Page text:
Outdoors: Groups offer young people chance to engage with nature

More than 15,000 young people across Northern Ireland are set to stand up for nature thanks to a £1.8m funding boost from Big Lottery Fund
Andrea McKernon

IF YOU are aged between 11 and 24 and want to learn about conservation and the great outdoors, now's the time to get in contact with two environmental groups who are running new projects designed for young people.

The Belfast Hills Partnership and Ulster Wildlife are bringing the great outdoors to life due to a £1.8 million Big Lottery Fund cash injection aimed at helping young people engage with nature.

The initiative called Our Bright Future, aims to combat a lack of social cohesion and economic opportunities for young adults.

From tackling marine pollution to caring for local green spaces, young people will become environmental leaders, influence decisions in their local areas and improve their employment prospects.

Over 15,000 young people across the north will be helped to create this brighter future, the Big Lottery Fund says.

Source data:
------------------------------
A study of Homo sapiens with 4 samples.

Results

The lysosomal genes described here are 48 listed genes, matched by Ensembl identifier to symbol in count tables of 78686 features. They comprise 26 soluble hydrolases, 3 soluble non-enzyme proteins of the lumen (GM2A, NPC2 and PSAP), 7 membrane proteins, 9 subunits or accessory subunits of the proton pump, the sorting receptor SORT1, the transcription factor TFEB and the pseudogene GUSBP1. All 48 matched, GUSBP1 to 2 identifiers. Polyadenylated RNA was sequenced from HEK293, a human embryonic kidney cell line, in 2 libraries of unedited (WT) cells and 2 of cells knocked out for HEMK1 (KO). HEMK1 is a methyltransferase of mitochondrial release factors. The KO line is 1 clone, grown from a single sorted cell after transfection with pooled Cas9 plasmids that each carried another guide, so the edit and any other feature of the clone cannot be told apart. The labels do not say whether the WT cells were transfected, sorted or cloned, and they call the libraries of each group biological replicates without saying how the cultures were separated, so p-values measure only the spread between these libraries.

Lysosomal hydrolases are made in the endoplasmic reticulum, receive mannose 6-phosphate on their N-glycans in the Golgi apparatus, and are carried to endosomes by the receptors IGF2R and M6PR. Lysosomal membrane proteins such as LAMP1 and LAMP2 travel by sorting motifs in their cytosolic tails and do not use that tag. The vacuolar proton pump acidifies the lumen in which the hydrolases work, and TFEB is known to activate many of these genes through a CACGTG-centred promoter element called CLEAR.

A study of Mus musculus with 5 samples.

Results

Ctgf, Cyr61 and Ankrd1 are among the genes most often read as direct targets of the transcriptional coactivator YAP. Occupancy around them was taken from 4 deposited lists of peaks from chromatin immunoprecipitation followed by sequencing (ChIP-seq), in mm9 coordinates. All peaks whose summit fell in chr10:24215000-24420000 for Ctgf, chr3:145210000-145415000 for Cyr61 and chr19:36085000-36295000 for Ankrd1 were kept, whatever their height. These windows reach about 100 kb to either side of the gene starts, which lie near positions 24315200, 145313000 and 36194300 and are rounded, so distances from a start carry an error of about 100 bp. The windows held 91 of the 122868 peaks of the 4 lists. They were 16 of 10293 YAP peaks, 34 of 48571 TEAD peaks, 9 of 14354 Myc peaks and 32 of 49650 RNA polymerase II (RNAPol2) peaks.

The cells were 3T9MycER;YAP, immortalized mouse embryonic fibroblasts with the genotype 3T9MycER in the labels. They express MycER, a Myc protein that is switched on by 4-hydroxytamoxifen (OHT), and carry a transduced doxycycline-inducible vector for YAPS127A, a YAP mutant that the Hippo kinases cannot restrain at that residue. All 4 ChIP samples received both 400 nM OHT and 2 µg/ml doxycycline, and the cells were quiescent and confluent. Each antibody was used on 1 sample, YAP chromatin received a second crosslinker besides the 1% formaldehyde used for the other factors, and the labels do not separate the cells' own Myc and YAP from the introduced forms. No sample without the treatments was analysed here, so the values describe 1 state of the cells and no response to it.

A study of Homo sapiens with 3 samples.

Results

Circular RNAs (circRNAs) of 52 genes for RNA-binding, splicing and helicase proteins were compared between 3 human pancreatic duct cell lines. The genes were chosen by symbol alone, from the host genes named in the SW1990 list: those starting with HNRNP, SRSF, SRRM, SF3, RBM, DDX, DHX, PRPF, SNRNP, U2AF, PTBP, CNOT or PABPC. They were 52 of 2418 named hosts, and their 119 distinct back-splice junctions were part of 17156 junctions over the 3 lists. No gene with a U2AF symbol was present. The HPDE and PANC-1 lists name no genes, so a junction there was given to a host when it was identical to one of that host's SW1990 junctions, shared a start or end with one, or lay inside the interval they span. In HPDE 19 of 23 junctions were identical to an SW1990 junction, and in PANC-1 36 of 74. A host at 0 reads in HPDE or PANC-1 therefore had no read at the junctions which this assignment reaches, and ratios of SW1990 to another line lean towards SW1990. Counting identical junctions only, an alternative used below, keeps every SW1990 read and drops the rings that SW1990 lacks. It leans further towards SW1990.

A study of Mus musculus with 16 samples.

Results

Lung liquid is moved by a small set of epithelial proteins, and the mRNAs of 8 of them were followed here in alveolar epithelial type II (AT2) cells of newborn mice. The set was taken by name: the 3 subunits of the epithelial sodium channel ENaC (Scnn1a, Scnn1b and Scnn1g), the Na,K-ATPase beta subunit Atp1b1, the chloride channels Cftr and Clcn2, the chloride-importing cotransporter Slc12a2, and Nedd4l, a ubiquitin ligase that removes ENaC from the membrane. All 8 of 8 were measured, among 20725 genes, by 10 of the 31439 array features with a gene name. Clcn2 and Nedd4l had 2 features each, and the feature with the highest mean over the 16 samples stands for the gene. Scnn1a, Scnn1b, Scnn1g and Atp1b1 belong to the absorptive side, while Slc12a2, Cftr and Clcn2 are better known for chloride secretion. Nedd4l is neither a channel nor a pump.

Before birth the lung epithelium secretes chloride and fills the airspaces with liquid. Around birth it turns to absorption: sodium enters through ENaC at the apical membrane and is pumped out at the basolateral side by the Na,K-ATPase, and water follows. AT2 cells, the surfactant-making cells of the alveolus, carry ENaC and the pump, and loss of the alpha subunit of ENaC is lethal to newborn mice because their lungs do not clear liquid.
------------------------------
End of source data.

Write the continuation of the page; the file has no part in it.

The Belfast Hills Partnership will engage with 200 young adults each year, helping them design and run environmental projects that have a meaningful impact on their surroundings and improve cultural links.

An additional 2,000 young people will be reached through schools, youth organisations and clubs to help them learn about pollution, wildlife and the archaeology and history of the Belfast Hills.


Dr Lizzy Pinkerton from the Belfast Hills Partnership encouraged anyone aged from 11 to 24 to get in touch to find out what's on offer in the hills above Belfast, Lisburn and Newtownabbey.

“We want to develop confident, experienced and multi-skilled young people who can find employment, and continue to respect and care for their local green spaces."

Ulster Wildlife will bring the great outdoors to life for 5,000 young people across Northern Ireland through Young Farmers’ Clubs of Ulster, Duke of Edinburgh’s Award and special schools.

Jennifer Fulton from Ulster Wildlife said: “Helping young people experience nature and make a difference to their environment is a big part of our work. They are the leaders of tomorrow and their interest and involvement will help secure a better future for our wildlife and special places."